Janesville23.1°

Moffitt thankful he stuck around

December 26, 2010
— As he prepares for his final college football game, fifthyear senior University of Wisconsin guard John Moffitt ponders what might have been.

What if Moffitt, fed up with school and exhausted after a draining 2009 season, hadn’t given the Wisconsin staff a late heads-up that he was planning to enter the 2010 National Football League draft?


What if offensive coordinator Paul Chryst and head coach Bret Bielema had pushed hard for him to stay rather than gathering the facts and allowing Moffitt to make an informed choice?


What if Moffitt had trusted his initial leaning and bolted for big bucks rather than stay and try to win a Big Ten Conference title?


Moffitt believes he would have been miserable and kicking his considerable posterior from Madison back home to Guilford, Conn.


“I just think it is amazing how much you can grow in one year,” said Moffitt, who started all 12 games at left guard this season and was a first-team pick on The Associated Press All-American team. “And I really have grown a lot. If I had left, it would have been one of the biggest mistakes of my life.”


Bielema grinned after practice Thursday when asked if Moffitt had made the right call.


“He has probably played as good as I could ever hope for him to play,” he said. “I think (he) is one of our best leaders.”


Moffitt had several reasons to leave for the NFL after the 2009 season, though none was sound.


Serious on the field but a jocular prankster off the field


and a go-to player for reporters looking for colorful quotes, Moffitt’s issues began in 2008.


UW finished 3-5 in the Big Ten and 7-6 overall. The season ended with a 42-13 loss to Florida State in the Champs Sports Bowl. The play was sloppy and undisciplined, and Moffitt acknowledged he wasn’t immune to lapses.


He also acknowledged his eating and drinking habits needed to change.


“I probably wasn’t treating my body the best,” he said, “which doesn’t help.”


Then at the end of summer workouts in 2009, Moffitt suffered a torn chest muscle while lifting weights


He missed the first two games, got limited work in Game 3 and then moved into the starting lineup at left guard. He stayed there for eight games and took over at center for the final two games after starter Peter Konz was sidelined because of blood clots in his lungs.


Although Moffitt played well in UW’s 20-14 upset of No. 14 Miami in the Champs Sports Bowl, his body was worn down and he was ready for a new life.


When he informed Bielema he was leaving, only a few days before the deadline for underclassmen to formally declare for the draft, UW’s head coach tried to gather as much objective information as possible so his player could make an informed rather than emotional decision.


Chryst, familiar with the NFL from his days as an assistant with the San Diego Chargers, didn’t browbeat Moffitt in an effort to keep him on the team.


“Coach Chryst said, which made a lot of sense to me, is that you want to give yourself the best shot possible because it is one shot,” Moffitt explained. “And you’re not really doing that right now.”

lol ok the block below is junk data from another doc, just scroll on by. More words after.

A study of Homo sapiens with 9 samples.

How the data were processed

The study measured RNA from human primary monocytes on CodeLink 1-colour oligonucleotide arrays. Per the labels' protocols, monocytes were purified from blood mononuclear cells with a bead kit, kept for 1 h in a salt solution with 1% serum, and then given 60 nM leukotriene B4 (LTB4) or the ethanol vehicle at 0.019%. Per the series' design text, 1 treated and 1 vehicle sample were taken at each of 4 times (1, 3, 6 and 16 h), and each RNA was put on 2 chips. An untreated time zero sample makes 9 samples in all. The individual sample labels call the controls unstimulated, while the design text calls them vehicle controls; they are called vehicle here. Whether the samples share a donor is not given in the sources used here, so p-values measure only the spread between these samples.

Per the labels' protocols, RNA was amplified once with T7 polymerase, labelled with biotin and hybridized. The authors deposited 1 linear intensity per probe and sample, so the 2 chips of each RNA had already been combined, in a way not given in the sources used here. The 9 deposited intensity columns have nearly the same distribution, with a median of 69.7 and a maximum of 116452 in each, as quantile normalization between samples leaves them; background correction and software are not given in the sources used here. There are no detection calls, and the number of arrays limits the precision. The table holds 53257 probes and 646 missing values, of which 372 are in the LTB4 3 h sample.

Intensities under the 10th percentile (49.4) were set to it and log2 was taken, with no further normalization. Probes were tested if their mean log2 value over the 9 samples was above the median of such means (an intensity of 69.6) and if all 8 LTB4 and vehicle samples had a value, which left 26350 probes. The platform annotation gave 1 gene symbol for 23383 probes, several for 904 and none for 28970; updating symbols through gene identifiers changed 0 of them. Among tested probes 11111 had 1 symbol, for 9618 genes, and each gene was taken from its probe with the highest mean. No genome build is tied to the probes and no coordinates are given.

So Moffitt changed his mind and stayed. Later that winter he discovered he had a hernia injury that required surgery. Had that injury been discovered during a medical exam before the draft, the consequences could have been dire.


“That would have been disastrous,” Moffitt said. “I might not have been drafted. I don’t know where I would have ended up. Maybe you’re just on a practice roster.”


Instead, Moffitt stayed on UW’s roster, played his best football and helped UW win a share of the Big Ten title and return to the Rose Bowl for the first time since the 1999 season.


“I think he knows there is a time and a place for everything and he has really approached this like a business,” offensive line coach Bob Bostad said.


Bostad, who began his coaching career as UW-Stevens Point’s offensive line coach in 1990, has no doubt Moffitt has elevated his draft stock dramatically from this time last year. He believes Moffitt has shown he can play two positions, with 26 starts at left guard and 15 at center.


“More than anything he has done it on the field and that’s really what it comes down to,” Bostad said. “People turn on the film, watch him play and they say that is what we’re looking for.”


Moffitt wasn’t sure what he was looking for after the 2009 season. He now understands he found it in the UW locker room.


When UW faces TCU in the Rose Bowl on Jan. 1, Moffitt should take the field knowing he made the right decision 12 months earlier, a decision that helped the team and the player.


“Thank God that coach Bielema and coach Chryst got in my ear and allowed me to see things clearly,” he said. “Now I have developed as a person and a player and I’m ready for that step.


“Last year it would have been a huge step and I don’t think I would have been ready …


“It’s amazing that one year made such a difference.”